Russia's Crackdown On Foreign NGOs Strains Ties With Europe
Grigoriy Tumanov, Elena Chernenko, Galina Dudina and Vladislav Litovchenko

MOSCOW - Since February, Russian authorities have been investigating all of the NGOs operating in the country in an attempt to root out any organizations with foreign ties or foreign funding sources.

The entire operation risks further alienating Moscow from Europe – particularly from Germany, after Russian authorities cracked down on two German NGOs operating in Russia.

Representatives from the agency in charge of carrying out the NGO inspections looked into the Friedrich Ebert Foundation (FES) in Moscow, while in St. Petersburg they turned their attention to the Konrad Adenauer Foundation (KAS), both supported by German political parties.

St. Petersburg prosecutors weren’t satisfied to look at financial reports or other documents, instead seizing the NGO’s computers. “The work at our office has been practically brought to a stand still. We never expected that something like this could happen. It’s an alarming sign if this is how the government treats organizations that are working to promote bilateral relations between our two countries,” said Lars-Peter Schmidt, head of the Russian branch of KAS.

Rudolph Traub-Merz, the head of FES in Russia, added: “This audit business has already had a negative impact on Russian-German relations, especially the confiscation of our colleagues’ computers.”

In addition, Russian prosecutors have audited five branches of the Alliance Francaise, an organization promoting French language and culture overseas. The Alliance Francaise was asked provide documents proving that the money it gets from the French Embassy was used only for cultural programs and not for political activity.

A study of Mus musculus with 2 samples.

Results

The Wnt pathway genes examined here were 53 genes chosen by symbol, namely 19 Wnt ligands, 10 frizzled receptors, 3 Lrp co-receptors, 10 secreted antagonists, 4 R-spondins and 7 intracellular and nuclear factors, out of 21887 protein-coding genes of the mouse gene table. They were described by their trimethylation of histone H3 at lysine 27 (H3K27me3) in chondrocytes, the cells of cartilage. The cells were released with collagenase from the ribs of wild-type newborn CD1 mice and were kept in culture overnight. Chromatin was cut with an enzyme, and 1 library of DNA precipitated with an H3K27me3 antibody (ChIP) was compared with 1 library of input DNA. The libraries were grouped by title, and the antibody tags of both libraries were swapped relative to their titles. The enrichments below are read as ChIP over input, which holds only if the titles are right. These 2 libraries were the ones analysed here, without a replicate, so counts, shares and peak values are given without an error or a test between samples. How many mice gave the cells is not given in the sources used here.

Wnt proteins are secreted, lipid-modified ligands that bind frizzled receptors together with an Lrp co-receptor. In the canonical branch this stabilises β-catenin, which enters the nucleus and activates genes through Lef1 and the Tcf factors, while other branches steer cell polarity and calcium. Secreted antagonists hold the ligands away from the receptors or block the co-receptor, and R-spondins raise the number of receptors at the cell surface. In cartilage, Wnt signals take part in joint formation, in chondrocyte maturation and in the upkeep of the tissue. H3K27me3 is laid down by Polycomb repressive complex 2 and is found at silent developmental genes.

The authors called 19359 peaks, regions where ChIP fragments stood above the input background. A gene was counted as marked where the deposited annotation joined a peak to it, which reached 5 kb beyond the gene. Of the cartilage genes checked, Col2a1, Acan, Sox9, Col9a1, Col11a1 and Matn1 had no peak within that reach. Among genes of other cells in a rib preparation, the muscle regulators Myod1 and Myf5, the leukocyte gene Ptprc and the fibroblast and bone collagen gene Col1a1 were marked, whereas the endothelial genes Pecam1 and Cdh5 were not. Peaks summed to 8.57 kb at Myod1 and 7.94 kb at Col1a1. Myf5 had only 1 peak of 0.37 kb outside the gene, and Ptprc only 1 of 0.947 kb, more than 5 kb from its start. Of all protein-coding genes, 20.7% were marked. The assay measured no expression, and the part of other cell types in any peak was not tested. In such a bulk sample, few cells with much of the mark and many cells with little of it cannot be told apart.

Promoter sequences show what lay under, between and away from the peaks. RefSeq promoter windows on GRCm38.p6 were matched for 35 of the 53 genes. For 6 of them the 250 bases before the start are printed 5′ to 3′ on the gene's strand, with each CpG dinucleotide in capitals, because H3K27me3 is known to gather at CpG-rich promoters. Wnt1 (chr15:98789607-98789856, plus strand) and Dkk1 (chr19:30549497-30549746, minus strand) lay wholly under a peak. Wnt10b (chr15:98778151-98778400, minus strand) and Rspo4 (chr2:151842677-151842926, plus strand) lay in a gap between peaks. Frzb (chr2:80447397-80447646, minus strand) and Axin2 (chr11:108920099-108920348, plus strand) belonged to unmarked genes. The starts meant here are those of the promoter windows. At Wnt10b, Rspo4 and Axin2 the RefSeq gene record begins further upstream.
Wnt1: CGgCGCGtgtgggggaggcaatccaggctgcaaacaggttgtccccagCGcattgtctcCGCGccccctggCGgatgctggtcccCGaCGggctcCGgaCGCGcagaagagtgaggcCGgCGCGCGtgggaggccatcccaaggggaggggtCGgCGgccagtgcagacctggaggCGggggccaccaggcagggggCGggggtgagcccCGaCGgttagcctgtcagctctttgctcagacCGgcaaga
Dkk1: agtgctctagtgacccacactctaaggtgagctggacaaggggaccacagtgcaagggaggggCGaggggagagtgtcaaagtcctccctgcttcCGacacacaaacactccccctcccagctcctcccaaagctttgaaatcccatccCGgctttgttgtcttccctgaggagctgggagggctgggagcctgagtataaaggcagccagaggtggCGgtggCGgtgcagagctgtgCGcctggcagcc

The massive NGO crackdown began at the end of February, and as of March 27, 90 different organizations in 24 different Russian regions are known to have been inspected. According to Pavel Chikov, from the Agora organization that monitors prosecutorial activities in Russia, all together there are probably more than 2,000 organizations that have been investigated.

Organizations like Amnesty International have criticized the investigations, but human rights organizations are not the only ones who are upset. European Union Foreign Policy Chief Catherine Ashton, characterized the NGO inspections as “raids,” and said they were “worrisome because they seem to be aimed at further undermining civil society activities in the country.”

Russia’s image problem

There has also been a very negative reaction in Germany, one of Russia’s closest friends in the European Union. Russian diplomats in Germany have been called in and asked to explain the inappropriate behavior of the Russian government towards many NGOs, including the German foundations. German foreign minister Guido Westerwelle warned Russian diplomats that, interfering with the foundations’ work could have “a sustained effect on bilateral relations.” A source in the German foreign ministry explained that this announcement should be taken very seriously.

“It’s totally unacceptable that the offices of German foundations in Russia have been searched and their representatives summoned to the prosecutor’s office. It is especially unacceptable that long-standing German project partners have come under the suspicion of being ‘foreign agents.’ This practice violates the spirit of cooperation between the societies of Germany and Russia,” said Andreas Schockenhoff, Germany’s commissioner for German-Russian relations.

President Vladimir Putin will be visiting Berlin on April 7, and everyone Kommersant spoke with seemed sure that Angela Merkel will bring up the NGO raids. Many German politicians aren’t convinced that criticism will be enough to stop the investigations.

Ruprecht Polenz, chairman of the German Parliament’s foreign committee, said in a radio interview that if the foundations were not able to operate without being subject to discrimination, then a more “energetic” response would be called for. “I, for example, think that in this situation it will be very difficult to talk about liberalizing our visa agreements for Russian citizens.”

The Russian Ministry of Foreign Affairs refused to comment on the prosecutorial actions.

According to political scientist Aleksander Kyinev, Russia can expect long-term negative effects on its relationship with Europe due to the NGO audits and raids. “These raids, first of all, damage Russia’s image," he said. "I don’t understand why the government is going after international organizations that are known around the world and don’t raise problems for anybody.”